The authors go even farther to compare the split in public opinion over this issue as critical as the schism created by the Kansas-Nebraska Act of 1854, which not only paved the way for the Civil War, but also became the foundation for the creation of the Republican Party and the modern, two-party system.

While their historical analogy is a strong one, it’s hard to dispute their evidence that public opinion has turned against the health care law:

A poll released Tuesday by the Kaiser Family Foundation and the Harvard School of Public Health shows the law remains unpopular — with 50 percent of respondents viewing it unfavorably, up 9 percentage points from the last survey.

The health care law is at its “lowest level of popularity ever,” said Jake Tapper of ABC News, citing a recent Washington Post-ABC News poll. Rasmussen Reports, which has measured support for repeal since the bill passed, continues to find more than 50 percent of respondents in favor of repeal.

Of course, none of this should come as a surprise. Prior to the vote last March, I wrote continuously about the public’s opposition to Obamacare (see here, here, here, and here) and that the administration and Democrats in Congress were thumbing their nose at representative government.

Now that public opposition to the health care law is mounting, the more important story is why. At it’s core, Cadell and Schoen suggest, “Its passage was anti-democratic.” They continue:

The problem is that the American people object to the bill as a whole; the way it was passed; and what they perceive to be its effect on the size, scope and cost of government.

They hit the nail on the head here though: 

Many commentators labeled last week’s vote for repeal as symbolic. They argue that repeal would either fail in the Senate or be vetoed by President Barack Obama.

That attitude reflects the political class’s inability to understand the will and the attitudes of the American people. Regardless of the outcome, this action set the stage for health care to be a decisive issue in 2012.

I couldn’t have said it better. The biggest problem for Democrats in November and looking ahead to 2012 is their unwillingness to consider what’s behind these low poll numbers. Shortly after the midterm elections, on an appearance on Fox News Sunday, David Axelrod suggested that the Democratic losses were a function of a bad economy.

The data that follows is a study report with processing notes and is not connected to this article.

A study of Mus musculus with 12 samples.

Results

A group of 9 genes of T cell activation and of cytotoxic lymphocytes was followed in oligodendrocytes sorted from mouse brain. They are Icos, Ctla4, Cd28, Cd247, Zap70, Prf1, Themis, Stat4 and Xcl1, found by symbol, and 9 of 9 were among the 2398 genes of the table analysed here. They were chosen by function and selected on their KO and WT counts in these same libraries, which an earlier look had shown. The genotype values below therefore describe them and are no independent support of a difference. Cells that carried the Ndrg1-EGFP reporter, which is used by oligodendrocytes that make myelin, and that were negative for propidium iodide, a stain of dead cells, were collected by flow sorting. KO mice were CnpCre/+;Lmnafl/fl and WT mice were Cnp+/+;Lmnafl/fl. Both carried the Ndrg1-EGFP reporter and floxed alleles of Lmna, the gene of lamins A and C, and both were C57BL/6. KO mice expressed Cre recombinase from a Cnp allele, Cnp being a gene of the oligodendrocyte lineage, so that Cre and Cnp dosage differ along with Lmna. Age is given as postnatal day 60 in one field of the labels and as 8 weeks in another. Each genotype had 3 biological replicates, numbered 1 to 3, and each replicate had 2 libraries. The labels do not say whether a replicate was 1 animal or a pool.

But that was to miss the point entirely. The reason for the Democrat’s loss in November was a function of their unwillingness to listen to the American people.

The authors don’t get it all right, however. Near the end of the article they claim,

Republicans have no alternate plan to address health care, and some are advocating repeal for political purposes. Others say we should repeal it, go back to the status quo and allow free markets to work. But repealing the bill without proposing a real solution is intellectually dishonest and could be as destructive to the Republicans as this undemocratic bill has been to the Democrats.

This is where Cadell and Schoen, like so many other critics on the left, get sloppy and sound uninformed.  Let’s not forget that while President Obama closed the doors on the GOP during the debate over health care reform, Republicans and conservatives offered up a menu of potential reforms that wouldn’t require digging up the foundation of our current health care system – changes that would increase competition, allow for greater portability, and give individuals more control over their health care decisions. Coincidentally, these reforms also would have driven down costs and improved care.

Ultimately, Cadell and Schoen are right about one thing: the question of what to do about health care is a serious one for both parties.